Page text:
Apple is redesigning its mapping app, the most frequently used iPhone app, by using its own dataset. We know that TomTom NV of the Netherlands will also provide data to Apple for the application, like in previous instances.
According to the American tech giant, the mapping app is being entirely rebuilt. It has a fleet of sensor-equipped vans and anonymous data from the users of iPhone who chose to share. The combination of these two sources makes up Apple’s dataset.
Now, the company didn’t reveal anything regarding TomTom’s contributions to the mix. Interestingly, after Apple disclosed that the Dutch firm is providing a dataset, shares of TomTom started falling!
TechCrunch was the first to report about Apple’s latest move on yesterday, June 29. TomTom has its shares falling for 5% from session highs. It declined 1.7% to 7.76 Euros at the close, and its stock for the year so far has dropped to 6%. Neither Apple or TomTom was available to comment on this matter.
As the timeline goes since 2007 with the launch of iPhones, Apple provided the Maps via data from Google. Then, in 2012, Google Maps was dropped from the iPhones, and Apple came up with the app by using data from TomTom and other sources. The app readily went through poor feedback from the users.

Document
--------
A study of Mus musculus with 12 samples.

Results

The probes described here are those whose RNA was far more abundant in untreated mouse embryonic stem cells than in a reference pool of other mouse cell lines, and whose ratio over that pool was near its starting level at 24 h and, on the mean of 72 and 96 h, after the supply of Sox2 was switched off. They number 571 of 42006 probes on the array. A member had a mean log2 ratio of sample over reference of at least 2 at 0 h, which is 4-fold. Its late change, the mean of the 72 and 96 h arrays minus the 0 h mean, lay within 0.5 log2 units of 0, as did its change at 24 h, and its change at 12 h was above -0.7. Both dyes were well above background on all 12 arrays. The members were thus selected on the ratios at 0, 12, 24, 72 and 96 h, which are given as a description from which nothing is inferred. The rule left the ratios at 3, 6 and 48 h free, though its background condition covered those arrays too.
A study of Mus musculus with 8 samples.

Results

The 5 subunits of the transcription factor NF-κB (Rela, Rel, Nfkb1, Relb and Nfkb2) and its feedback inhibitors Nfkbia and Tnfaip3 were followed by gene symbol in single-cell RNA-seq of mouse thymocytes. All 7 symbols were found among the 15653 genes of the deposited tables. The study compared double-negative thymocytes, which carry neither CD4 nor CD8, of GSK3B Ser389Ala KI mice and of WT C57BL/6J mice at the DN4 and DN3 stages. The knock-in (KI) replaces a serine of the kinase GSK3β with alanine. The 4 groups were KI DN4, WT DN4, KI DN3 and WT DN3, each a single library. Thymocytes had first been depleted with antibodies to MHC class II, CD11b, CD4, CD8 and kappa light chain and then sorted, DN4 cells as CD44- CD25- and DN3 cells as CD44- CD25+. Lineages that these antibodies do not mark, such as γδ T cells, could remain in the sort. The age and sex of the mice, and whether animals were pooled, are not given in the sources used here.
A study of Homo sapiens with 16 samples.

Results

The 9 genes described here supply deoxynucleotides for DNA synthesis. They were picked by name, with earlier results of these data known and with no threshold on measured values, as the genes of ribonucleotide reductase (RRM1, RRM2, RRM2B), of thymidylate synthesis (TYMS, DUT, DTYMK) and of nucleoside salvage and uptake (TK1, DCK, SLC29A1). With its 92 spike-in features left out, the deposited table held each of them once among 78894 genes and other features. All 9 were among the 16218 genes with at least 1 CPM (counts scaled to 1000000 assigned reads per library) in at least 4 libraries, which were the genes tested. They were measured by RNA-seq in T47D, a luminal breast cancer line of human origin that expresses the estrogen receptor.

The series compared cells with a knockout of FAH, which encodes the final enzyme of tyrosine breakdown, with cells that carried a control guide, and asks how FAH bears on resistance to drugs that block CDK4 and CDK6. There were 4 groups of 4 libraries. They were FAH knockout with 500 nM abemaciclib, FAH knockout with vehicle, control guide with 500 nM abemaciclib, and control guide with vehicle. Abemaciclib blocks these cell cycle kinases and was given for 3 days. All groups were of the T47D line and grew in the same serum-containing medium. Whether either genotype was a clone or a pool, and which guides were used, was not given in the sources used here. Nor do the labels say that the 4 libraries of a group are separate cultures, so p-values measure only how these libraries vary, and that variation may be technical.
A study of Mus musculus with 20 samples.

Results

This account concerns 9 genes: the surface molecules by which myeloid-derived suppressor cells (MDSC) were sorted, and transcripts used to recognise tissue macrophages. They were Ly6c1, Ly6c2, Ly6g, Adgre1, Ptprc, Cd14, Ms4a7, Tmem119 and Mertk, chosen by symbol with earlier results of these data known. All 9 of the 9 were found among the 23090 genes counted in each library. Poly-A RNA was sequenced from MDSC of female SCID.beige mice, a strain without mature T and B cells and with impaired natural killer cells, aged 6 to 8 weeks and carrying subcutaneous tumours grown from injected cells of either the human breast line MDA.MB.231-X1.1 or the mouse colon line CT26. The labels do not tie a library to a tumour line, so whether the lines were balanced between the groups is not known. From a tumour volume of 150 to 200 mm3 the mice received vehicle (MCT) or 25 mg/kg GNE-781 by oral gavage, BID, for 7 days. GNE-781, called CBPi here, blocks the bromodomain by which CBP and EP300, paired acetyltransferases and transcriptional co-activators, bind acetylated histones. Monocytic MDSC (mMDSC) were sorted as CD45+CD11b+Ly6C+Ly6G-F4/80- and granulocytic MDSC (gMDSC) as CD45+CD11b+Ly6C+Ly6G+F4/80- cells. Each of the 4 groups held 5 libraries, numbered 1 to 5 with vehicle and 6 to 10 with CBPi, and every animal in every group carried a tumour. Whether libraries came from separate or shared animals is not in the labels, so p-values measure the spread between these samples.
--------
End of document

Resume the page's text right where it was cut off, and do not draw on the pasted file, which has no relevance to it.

Apple over the past few years is working on a custom maps infrastructure, where the data is being sourced from its network of 1 billion+ iPhones and the vans touring the world.
The new Maps will offer on-the-ground data and higher resolution satellite images, thanks to Apple’s two teams: one consisting of satellite imagery experts, and another drawing data from drones.
Apple said that the rollout of the revived mapping app will begin in the coming fall with new maps of Northern California.